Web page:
No use crying over spilled milk
Following the hacking incident at Hyundai Capital, the National Agricultural Cooperative Federation, or Nonghyup, saw all of its banking transactions suddenly come to a halt after its electronics system crashed on Tuesday.
Although similar disturbances have occurred at other financial institutions in the past, none of the other institutions has failed to get their systems back up and running for two consecutive days.
As a result of the crash, Internet banking, phone banking and ATM transactions and all on-site deposit- and-withdrawal services were suspended until Wednesday morning. Fortunately, some services were partially revived on Wednesday afternoon but Nonghyup still doesn’t know what caused the system malfunction, though it did say the glitch was not caused by hacking.
But the electronic disorder that Nonghyup says originated from an IBM transmission server at a computing center in southern Seoul must certainly have inflicted a myriad of inconveniences on its customers, not to mention financial losses for some.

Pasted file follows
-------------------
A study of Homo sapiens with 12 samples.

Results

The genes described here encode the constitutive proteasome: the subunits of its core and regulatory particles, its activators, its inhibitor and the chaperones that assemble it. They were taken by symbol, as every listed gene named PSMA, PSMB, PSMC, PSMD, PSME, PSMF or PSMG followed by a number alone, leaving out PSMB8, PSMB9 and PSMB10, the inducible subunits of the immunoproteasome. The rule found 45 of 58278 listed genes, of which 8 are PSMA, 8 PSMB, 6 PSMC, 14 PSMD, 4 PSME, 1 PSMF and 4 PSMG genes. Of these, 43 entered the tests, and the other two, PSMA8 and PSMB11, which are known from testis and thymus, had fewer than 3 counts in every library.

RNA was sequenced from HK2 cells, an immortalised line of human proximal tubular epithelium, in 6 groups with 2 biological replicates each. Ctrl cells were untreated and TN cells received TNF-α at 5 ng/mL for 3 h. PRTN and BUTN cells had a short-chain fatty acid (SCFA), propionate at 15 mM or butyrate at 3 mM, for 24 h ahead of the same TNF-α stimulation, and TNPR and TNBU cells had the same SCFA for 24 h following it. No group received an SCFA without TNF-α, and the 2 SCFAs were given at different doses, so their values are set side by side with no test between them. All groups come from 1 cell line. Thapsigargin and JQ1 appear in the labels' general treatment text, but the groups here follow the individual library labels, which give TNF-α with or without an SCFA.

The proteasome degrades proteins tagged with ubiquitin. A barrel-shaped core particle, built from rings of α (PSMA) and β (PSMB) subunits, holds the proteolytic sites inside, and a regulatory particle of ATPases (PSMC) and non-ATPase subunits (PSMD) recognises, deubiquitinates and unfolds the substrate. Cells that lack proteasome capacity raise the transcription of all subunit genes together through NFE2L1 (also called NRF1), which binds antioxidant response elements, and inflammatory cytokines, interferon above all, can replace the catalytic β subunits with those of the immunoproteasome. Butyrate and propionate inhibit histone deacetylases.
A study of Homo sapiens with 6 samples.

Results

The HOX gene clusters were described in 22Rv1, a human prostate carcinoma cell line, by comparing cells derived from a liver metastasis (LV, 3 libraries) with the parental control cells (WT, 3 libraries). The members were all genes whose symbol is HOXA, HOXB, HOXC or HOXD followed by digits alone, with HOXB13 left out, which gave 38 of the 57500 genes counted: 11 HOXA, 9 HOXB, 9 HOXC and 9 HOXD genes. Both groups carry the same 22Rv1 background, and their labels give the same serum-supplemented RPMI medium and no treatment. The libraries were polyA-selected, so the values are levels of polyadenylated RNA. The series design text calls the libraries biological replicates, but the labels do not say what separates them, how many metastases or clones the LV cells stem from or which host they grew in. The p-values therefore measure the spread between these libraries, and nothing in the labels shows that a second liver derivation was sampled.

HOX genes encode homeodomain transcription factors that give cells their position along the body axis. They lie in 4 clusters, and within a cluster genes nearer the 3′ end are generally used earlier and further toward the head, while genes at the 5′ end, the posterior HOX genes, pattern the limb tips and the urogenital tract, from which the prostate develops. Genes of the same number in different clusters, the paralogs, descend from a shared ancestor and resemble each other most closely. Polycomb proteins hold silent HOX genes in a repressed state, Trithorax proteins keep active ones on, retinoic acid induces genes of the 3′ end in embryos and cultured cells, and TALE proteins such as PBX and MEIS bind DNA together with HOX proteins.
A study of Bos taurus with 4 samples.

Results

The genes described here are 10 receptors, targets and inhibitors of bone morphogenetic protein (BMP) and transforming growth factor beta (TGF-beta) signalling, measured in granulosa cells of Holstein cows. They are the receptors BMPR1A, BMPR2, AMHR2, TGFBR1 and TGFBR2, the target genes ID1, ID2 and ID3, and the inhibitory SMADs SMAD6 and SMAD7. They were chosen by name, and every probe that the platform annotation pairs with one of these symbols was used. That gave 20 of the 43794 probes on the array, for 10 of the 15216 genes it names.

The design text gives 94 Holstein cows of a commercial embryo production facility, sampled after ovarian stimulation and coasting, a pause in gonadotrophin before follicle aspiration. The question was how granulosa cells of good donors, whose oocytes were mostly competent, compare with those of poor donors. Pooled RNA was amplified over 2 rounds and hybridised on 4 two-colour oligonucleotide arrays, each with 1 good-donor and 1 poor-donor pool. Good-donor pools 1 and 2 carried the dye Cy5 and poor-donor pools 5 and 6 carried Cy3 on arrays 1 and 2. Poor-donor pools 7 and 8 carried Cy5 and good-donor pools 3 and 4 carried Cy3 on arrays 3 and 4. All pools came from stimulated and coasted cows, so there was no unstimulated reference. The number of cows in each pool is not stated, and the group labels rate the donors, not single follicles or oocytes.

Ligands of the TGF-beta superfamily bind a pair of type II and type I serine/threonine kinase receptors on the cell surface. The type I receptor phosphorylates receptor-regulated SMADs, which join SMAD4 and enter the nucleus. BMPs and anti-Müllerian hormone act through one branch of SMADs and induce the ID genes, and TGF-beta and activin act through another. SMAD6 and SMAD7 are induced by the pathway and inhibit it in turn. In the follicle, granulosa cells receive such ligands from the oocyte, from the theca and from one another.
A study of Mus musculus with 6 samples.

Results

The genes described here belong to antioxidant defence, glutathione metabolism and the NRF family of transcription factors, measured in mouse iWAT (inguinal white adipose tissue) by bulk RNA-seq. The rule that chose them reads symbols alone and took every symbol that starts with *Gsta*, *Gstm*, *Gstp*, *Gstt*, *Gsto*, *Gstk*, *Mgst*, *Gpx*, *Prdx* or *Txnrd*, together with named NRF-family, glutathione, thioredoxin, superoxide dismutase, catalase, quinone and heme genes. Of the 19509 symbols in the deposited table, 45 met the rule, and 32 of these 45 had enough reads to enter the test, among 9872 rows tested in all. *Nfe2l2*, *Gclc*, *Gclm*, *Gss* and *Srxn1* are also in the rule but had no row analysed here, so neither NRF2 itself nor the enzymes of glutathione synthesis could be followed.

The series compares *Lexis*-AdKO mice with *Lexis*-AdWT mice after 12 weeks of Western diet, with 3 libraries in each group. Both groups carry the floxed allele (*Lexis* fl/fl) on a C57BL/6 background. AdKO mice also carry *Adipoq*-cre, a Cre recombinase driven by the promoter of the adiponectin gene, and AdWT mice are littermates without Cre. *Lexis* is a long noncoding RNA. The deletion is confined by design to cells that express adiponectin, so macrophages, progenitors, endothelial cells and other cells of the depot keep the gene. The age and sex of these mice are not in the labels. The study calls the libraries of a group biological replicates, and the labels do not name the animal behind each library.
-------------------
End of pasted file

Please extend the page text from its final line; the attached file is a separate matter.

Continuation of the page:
Banking companies are always equipped with double- or triple-backup systems to prepare for possible accidents, including system overload, because system paralysis inevitably wreaks financial havoc on individual customers as well as other industries.
Computer experts say the incident at Nonghyup was caused by a breakdown of the transmission terminal and the resultant inactivation of backup systems. If a backup system cannot play its role during a breakdown, it cannot be called a “backup system” at all. Nonghyup should take responsibility for the incident, which ended up paralyzing its entire banking system.
Computing disorders are not a rarity in the banking business today.
For example, Kookmin Bank, a leader in the industry, also experienced a temporary discontinuation of conventional and Internet banking services due to a serious computer glitch following a system upgrade last February.
Citibank Korea also suffered a tremendous loss when water flooded a section of its computer room after a system cooler was ruptured in the cold weather.
The Financial Supervisory Service has announced it will soon launch a special inspection of the computing systems of Hyundai Capital and Nonghyup. As the saying goes, however, there is no use in crying over spilled milk.